Q: What amino acids are the essential amino acids? –

Layperson A: You may see conflicting data on this, but to be labeled essential, means the amino acid must be gotten from the diet because the body lacks the enzymes to synthesize these amino acids.

Eight are classified as core essential amino acids-Isoleucine, Leucine, Lysine, Methionine, Phenylalanine, Threonine, Tryptophan, and Valine.

Seven are classified as conditionally or semiessential- Arginine (essential in infants in which production is not sufficient, but not in adults), Cysteine, Cystine, Glutamine, Histidine, Proline, and Tyrosine(derived from Phenylalanine and essential if not enough Phenylalanine is present for it to be synthesized), and nine nonessential (the body can synthesize these)-Alanine, Asparagine, Aspartic Acid, Carnitine, Glutamic Acid, Glycine, Ornithine, Serine, and Taurine.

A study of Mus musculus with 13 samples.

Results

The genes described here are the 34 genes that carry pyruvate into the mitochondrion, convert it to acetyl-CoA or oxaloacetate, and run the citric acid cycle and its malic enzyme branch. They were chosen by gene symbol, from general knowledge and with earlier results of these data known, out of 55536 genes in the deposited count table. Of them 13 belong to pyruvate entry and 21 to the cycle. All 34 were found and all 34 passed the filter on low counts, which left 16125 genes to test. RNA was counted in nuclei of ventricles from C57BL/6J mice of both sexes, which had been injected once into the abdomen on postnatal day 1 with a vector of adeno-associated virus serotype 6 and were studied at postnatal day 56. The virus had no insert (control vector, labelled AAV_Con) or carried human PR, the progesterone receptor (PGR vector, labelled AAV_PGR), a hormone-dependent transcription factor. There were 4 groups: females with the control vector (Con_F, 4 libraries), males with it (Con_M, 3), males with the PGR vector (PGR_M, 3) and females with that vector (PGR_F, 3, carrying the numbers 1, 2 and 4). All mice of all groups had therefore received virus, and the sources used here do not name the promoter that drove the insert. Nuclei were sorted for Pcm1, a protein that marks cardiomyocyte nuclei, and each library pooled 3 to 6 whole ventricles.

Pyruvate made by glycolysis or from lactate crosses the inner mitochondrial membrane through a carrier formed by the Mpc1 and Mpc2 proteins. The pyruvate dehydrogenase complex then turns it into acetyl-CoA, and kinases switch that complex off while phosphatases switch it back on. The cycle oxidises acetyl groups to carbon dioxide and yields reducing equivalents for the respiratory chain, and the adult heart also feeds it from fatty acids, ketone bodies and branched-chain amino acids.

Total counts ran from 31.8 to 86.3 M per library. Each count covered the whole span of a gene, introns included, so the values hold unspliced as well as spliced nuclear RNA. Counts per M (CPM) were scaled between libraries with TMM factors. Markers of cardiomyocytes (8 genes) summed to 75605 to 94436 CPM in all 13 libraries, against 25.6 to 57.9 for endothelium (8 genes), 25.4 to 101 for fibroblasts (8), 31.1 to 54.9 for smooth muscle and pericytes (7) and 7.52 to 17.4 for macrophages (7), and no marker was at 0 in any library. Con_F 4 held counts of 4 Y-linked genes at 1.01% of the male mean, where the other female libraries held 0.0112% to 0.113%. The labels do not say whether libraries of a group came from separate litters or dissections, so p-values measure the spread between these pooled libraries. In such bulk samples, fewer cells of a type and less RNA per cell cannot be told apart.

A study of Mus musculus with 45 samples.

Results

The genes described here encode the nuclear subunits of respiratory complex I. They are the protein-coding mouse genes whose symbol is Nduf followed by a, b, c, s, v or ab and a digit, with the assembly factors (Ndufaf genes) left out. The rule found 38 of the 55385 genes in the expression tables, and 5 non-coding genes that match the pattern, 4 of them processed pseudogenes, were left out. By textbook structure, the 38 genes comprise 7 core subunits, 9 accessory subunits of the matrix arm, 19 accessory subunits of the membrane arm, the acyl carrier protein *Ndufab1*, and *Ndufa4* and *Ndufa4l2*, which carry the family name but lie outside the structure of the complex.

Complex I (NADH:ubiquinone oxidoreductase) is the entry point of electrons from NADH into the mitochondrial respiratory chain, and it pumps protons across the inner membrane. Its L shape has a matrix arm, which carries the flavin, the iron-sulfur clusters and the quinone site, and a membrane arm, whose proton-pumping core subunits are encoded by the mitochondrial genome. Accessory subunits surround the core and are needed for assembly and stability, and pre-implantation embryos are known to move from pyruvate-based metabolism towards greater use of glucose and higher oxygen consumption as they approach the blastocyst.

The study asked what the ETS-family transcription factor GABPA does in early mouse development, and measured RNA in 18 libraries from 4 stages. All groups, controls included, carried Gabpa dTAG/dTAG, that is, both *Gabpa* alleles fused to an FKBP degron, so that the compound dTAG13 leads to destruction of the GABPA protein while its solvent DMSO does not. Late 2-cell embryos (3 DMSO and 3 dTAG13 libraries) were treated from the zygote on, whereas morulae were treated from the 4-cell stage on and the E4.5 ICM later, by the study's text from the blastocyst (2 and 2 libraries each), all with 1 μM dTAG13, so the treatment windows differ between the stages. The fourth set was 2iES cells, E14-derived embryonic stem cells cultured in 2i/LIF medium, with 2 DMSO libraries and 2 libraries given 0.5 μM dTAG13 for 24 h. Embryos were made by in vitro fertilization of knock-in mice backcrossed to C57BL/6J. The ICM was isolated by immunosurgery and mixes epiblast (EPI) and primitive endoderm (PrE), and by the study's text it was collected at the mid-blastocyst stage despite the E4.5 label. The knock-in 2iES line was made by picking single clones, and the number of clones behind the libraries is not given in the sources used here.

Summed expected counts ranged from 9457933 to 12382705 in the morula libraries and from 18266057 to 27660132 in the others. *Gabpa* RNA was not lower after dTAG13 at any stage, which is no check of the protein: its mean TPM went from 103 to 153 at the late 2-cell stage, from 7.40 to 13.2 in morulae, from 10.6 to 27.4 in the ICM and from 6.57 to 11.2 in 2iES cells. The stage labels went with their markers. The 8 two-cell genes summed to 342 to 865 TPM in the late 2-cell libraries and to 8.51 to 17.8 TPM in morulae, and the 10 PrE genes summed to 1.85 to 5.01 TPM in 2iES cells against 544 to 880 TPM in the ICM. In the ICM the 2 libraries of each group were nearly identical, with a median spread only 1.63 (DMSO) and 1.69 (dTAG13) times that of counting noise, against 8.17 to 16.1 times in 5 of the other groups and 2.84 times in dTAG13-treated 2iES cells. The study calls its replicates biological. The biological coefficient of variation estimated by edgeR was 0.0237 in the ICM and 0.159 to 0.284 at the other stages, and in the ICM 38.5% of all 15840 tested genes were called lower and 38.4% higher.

At one time it was thought that all the amino acids had to be taken in at one meal to synthesize protein, but it has been determined that several hours can pass before the remaining amino acids need to be taken in for protein synthesis to occur. None of the amino acids are stored and must be assimilated daily through the diet.

DISCLAIMER: The information in this column, is NOT intended to diagnose and/or treat any health related issues and is provided solely for informational purposes only. Consult the appropriate healthcare professional before making any changes to your healthcare regime. Even what may seem like simple changes in the diet for example, can interact with, and alter, the efficiency of medications and/or the body’s response to the medications. Many herbs and supplements exert powerful medicinal effects.